Canzano: A word on the legend of Joey Chestnut
Is he an athlete? I state my case.
Several years ago I was invited to Portland International Raceway to take a few laps around the track in a modified Champ Car.
The vehicle had two seats. I was told its carbon-fiber body would rocket around the course propelled by a 900-horsepower engine at speeds that pushed toward 230 mph.
I was greeted at the track by the car’s pit crew, who fitted me for a flame-resistant suit and a helmet. The driver, Sébastien Bourdais, shook my hand as I was being shoe-horned into a passenger seat directly behind him.
Bourdais casually asked: “Who’s your favorite driver?”
“You are,” I shot back.
I knew nothing about the guy at the time. But my life was in his hands. I only bring this up because I thought about that high-octane ride as I watched replays of Joey Chestnut eating 62 hot dogs to win the Nathan’s Famous Hot Dog Eating Contest on Tuesday.
I climbed out of the car that day drenched in sweat after watching Bourdais pinball through a series of turns, decelerating from 180 mph to 90 mph at the precise moment I was certain we were dead. I later learned that my favorite driver was one of the most successful open-wheel racing drivers in the history of the sport.
Yeah, I wrote it — sport.
Because it is.
Bourdais is an amazing athlete. He has terrific reflexes, great vision, trains for endurance and strength, and competes at the highest levels of his discipline. If I had any doubt about his athleticism, it was erased over three exhilarating laps. The car is a technological wonder, but like the Kentucky Derby winner, the horse goes nowhere good without the jockey at the controls.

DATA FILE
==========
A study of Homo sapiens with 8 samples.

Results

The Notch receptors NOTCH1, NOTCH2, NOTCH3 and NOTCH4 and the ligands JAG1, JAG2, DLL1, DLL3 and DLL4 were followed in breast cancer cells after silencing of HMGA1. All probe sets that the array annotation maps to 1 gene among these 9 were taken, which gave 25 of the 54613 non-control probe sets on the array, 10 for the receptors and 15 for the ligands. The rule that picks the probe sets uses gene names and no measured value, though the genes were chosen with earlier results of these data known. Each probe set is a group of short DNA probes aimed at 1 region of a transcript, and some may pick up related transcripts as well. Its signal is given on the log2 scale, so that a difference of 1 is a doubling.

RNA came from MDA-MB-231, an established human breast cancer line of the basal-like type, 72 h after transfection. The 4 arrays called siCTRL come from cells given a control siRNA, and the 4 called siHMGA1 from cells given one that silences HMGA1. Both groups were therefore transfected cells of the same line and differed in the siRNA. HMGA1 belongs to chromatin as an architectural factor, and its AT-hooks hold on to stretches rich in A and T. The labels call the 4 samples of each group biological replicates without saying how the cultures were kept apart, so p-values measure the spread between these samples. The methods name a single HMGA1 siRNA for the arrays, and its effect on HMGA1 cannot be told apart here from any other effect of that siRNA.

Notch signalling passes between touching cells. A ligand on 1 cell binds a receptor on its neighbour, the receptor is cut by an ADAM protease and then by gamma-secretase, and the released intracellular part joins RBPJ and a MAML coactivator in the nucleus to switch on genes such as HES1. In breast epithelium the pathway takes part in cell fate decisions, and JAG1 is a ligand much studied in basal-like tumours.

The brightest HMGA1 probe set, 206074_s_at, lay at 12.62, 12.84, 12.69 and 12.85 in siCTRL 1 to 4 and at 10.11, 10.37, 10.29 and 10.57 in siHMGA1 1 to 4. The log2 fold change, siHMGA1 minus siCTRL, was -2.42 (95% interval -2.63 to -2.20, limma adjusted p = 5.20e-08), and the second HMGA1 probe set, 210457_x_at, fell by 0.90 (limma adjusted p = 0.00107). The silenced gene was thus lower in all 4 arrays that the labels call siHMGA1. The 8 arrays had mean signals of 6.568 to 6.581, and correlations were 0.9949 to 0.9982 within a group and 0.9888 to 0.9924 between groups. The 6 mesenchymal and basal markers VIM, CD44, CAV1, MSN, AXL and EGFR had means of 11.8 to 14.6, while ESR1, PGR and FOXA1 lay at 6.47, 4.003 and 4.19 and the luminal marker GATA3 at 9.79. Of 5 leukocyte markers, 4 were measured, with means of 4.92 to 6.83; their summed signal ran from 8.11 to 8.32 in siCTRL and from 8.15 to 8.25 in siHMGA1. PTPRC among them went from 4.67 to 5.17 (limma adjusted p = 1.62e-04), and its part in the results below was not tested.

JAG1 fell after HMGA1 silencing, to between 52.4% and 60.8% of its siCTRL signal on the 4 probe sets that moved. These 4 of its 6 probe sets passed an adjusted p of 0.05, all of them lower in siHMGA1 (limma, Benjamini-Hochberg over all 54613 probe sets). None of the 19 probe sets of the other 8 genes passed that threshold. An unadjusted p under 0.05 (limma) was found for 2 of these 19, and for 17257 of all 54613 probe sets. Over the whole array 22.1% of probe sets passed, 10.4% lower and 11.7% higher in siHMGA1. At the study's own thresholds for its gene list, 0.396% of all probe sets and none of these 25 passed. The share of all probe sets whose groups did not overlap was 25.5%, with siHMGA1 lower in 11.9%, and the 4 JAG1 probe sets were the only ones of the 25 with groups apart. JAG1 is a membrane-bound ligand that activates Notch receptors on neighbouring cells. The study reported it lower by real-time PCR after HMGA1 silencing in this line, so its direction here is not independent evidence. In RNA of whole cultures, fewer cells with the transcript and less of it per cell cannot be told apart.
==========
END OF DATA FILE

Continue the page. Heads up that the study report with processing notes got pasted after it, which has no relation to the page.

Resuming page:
So what about Joey Chestnut?
He trains, too. There’s endurance and skill involved. For sure, he’s the best in the world at what he does. Chestnut has won the annual hot-dog eating contest 16 times in the last 17 years. But does consuming more than 18,000 calories in 10 minutes actually make him an athlete?
I spoke with Chestnut a few years ago in person. He was visiting Oregon on a promotional trip — paid $5,000 by one of the tribal casinos to eat a bunch of ribs really fast. He came into my radio-show studio, arriving with a girlfriend and a bad handshake.
I asked the late Mike Leach once whether he judged people by their handshake. The long-time football coach told me, “I try not to make wholesale judgements, but it definitely goes in their file.”
Chestnut told me that day all about his training and the agonizing post-event cleanse. (It takes four full days for his digestive system to recover from the hot-dog event.) Chestnut talked about how he got his start and spoke all about how he turned eating — something we all do — into a six-figure salary.
Chestnut has also consumed:
141 hard-boiled eggs in eight minutes.
55 donuts in 8 minutes.
121 Twinkies in six minutes.
413 chicken wings in 12 hours.
32 Big Macs in 38 minutes.
25.5 ice cream sandwiches in six minutes.
47 grilled-cheese sandwiches in 10 minutes.
Decide for yourself what his most impressive feat is. While you do, know that Chestnut told USA Today that his earnings last year eclipsed $500,000.
I asked my followers on Twitter and Instagram whether they think Chestnut is an athlete. I was surprised that the question essentially divided the audience. Some think Chestnut absolutely is athletic, just like my favorite race-car driver.
A few others simply said: “Stop.”
Or: “Is this a serious question?”
Another joked: “When I think of the greatest athletes of our time, the Big Four come to mind. Jordan. Brady. Tiger. Chestnut.”
I had an old Italian great uncle. Uncle Henry could eat two pounds of spaghetti in a single sitting. After, he’d plop down on the sofa, bust open the top button of his slacks, throw his head back and nap. It was a hell of a feat, but nobody ever mistook him for Magic Johnson.
After his hot-dog eating win on Tuesday, Chestnut said: “I got leftover room, so I’ll be having beers later.”
I rest my case.
Still, let’s give him credit. The guy puts on a jersey and consumes large amounts of food really fast. He’s worked hard at his craft, but it’s a performance/skill not a sport. There may be a competition involved, it may be televised on ESPN, and he’s clearly the best on the planet, but he’s going to have to settle for being a legend.
Like Leach said, put it in his file.